You may have noticed a lot of squirrel activity over the last several weeks. Like us, squirrels also need to get ready for the long winter. 

What You Need To Know

  • Not all squirrels hibernate during the winter

  • Gray squirrels sleep in tree nests during the winter

  • Squirrels prepare for winter by storing nuts, acorns, and berries

Not all squirrels hibernate during the winter, only ground squirrels do. Ground squirrels live on or in the ground and not in trees.  

Gray squirrels, however, sleep in tree nests during the winter and only venture out during the morning and evening. Instead of hibernating, they rely on sheltered nests or dens in trees, fat reserves, and stored food to survive the long, cold winter.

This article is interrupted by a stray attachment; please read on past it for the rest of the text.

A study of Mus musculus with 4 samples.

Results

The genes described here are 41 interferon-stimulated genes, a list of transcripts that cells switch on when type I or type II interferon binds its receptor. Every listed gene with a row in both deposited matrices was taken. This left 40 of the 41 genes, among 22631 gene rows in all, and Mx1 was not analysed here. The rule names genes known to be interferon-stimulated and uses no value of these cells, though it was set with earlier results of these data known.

You may have noticed these huge impressive nests when you look high up into trees this time of year. With the leaves off the trees, these nests are visible right now.

Gray squirrels prepare for the winter by storing acorns, nuts, berries, and tree bark in shallow holes near the trees. They also prepare by maximizing their food consumption and body mass. 

If your landscaping and mulch look like mine right now, there are a lot of holes in it. Tree squirrels dig holes in mulch or soil to hide and bury acorns and nuts for winter food. 

Here's an interesting tidbit. You can tell the difference between a gray squirrel and a ground squirrel by looking at the tails.

The gray tree squirrels have bushier tails to help them balance while running up and down trees. Ground squirrels have shorter, less bushy tails, and their fur is brown-gray with gray and white dots.

Take a minute to stop and watch a squirrel this time of year. You'll be able to see them work very hard. Like us, squirrels need to be ready for the long, cold, and snowy winter.